The Aurora Serverless Road Not Taken
Two Auroras Serverless diverged in a prod account,
And sorry I could not deploy to both.
And being one developer, long I stood
And looked into v2 as far as I could
To where it scaled beyond my budget.
Then looked at the first, just as arcane,
And having perhaps the better model,
Because it scaled to zero and had a data API;
Though it did not support multiple regions
And scaling up dropped connections unto the ground.
I shall be telling this with a sigh
On-call pages and pages hence:
Two Auroras Serverless diverged in a prod account, and I—
I took the one newly launched,
And now production is both expensive and broken.
The broken promises of Aurora Serverless v2
The woeful tale of AWS’s diverging Aurora Serverless offerings began when Amazon Aurora Serverless v1, was announced at re:Invent 2017. V1 has some problems that are a bit gnarly and, frankly, make it tough to justify trusting it with production. So I was on board when Aurora Serverless v2 was announced at re:Invent 2020. It became generally available after a year-and-a-half period of public preview and purports to solve all of the problems with v1. But each word of “Aurora Serverless v2” is a lie.
“Aurora” is AWS’s custom database engine that’s named after a fairy-tale princess. Unlike every Disney movie you ever watched as a kid, AWS’s relational database services fall short of the implicit promise for a happy ending assured to heroines, from Ariel to Jasmine to EVE.
“Serverless” gets the bulk of my irritation here. Unlike its predecessor, Aurora Serverless v2 actually offers multi-region capabilities. But it violates other implicit promises of serverless — most abhorrently, that it doesn’t scale to zero.
“V2” is the final betrayal. The second version of an AWS service is supposed to be notably better across the board and able to entirely supplant the v1. As it stands now, Aurora Serverless v2 is nowhere near that point.
An expensive scaledown
The implicit promise of serverless is “you pay per request, and when it’s not in use, it scales to zero.”
Yes, you pay for data storage, but that’s always been the case. Aurora Serverless v1 understood this; it scaled down to nothing and would stop charging you. The first request would “wake the system up,” albeit at a potential latency cost of up to a minute. OK, not great, but surely v2 can fix this!
Well, it did, but in the worst possible way. Buried in the documentation, AWS states that “Currently, Aurora Serverless v2 writers and readers don’t scale all the way down to zero ACUs.” As a result, the lowest you’ll pay a month for one of these things is the princely sum of just shy of $45.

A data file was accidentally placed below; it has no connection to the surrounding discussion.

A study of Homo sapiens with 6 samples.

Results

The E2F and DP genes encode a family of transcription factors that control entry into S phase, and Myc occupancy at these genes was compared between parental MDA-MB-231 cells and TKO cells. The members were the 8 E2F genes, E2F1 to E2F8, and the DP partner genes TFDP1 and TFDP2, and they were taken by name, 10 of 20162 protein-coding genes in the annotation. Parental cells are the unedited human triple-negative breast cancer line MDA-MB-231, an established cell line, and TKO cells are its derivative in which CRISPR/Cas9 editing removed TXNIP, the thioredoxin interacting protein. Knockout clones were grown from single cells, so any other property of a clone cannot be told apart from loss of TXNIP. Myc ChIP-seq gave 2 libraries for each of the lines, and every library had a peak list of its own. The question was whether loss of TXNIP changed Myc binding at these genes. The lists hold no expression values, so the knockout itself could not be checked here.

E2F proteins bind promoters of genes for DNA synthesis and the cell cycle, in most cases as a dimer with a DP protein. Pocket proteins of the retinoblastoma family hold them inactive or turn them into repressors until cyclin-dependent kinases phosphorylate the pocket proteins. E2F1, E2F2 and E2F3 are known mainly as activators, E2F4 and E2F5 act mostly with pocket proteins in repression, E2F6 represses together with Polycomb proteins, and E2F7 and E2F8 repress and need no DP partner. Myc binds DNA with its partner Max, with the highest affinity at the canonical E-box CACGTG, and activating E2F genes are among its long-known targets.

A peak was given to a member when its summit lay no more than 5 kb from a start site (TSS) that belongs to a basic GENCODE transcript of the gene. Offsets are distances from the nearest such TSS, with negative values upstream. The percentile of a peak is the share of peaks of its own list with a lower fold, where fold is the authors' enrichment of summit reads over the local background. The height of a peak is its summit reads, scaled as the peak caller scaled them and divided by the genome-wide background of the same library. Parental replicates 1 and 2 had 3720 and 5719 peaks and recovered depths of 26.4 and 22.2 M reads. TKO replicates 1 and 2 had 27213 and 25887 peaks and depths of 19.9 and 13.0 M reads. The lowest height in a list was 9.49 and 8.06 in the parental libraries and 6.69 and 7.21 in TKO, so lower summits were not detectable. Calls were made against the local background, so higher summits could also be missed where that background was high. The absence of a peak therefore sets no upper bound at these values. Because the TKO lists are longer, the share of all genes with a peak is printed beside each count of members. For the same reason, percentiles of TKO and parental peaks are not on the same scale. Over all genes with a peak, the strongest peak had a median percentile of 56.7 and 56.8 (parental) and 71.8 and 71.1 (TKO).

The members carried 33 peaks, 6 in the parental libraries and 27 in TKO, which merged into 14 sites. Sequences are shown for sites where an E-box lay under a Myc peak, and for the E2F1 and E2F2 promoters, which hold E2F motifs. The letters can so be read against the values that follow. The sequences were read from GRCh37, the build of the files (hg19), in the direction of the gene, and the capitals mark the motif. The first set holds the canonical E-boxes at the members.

Explain to me again why, for light workloads, you wouldn’t just run your database engine of choice on a less-expensive RDS instance or even on top of EC2? I really hope that this gets fixed between the time I write this and the time I publish it, because calling Aurora Serverless v2 “serverless” is going to get folks sideways about what the term means. Sadly, there’s a strong argument that it’s already a lost cause.
A broken system for database management
One of the reasons to have a serverless database is that AWS handles all of the scaling problems attendant to serverless applications. It could be sitting there idle, then 5,000 Lambda functions spin up and basically pummel a database to death.
Aurora Serverless v1 handled this super well by introducing a Data API that Lambdas can hit without knocking the underlying service over with a flood of new connection requests all at once. For some workloads, this is awesome!
The Aurora Serverless v2 eschewed using it entirely, instead opting to use Amazon RDS Proxy. This thing’s minimum charge is another 12¢ an hour on top of the underlying Aurora Serverless v2 databases — while still forcing you to manage the database connection pooling yourself, lest your Lambdas once again hug the thing to death.
AWS, untangle Aurora’s thorny paths
The confusing thing to me is that Aurora Serverless v2 was in preview from December 2020 to April 2022. AWS had ample time to take a solid whack at a v2 that truly fixed the problems with the first version, then let it become functionally deprecated.
Instead, we’re staring down two diverging roads for Aurora Serverless. AWS now has a v1 and a v2 of the same service, each offering different capabilities and trade-offs. They amount to two different services that are sold under the same name. Customers are going to be confused. Hell, I’m confused! I have to hope and trust that this is a temporary situation that will rapidly improve — but today, I’m unconvinced.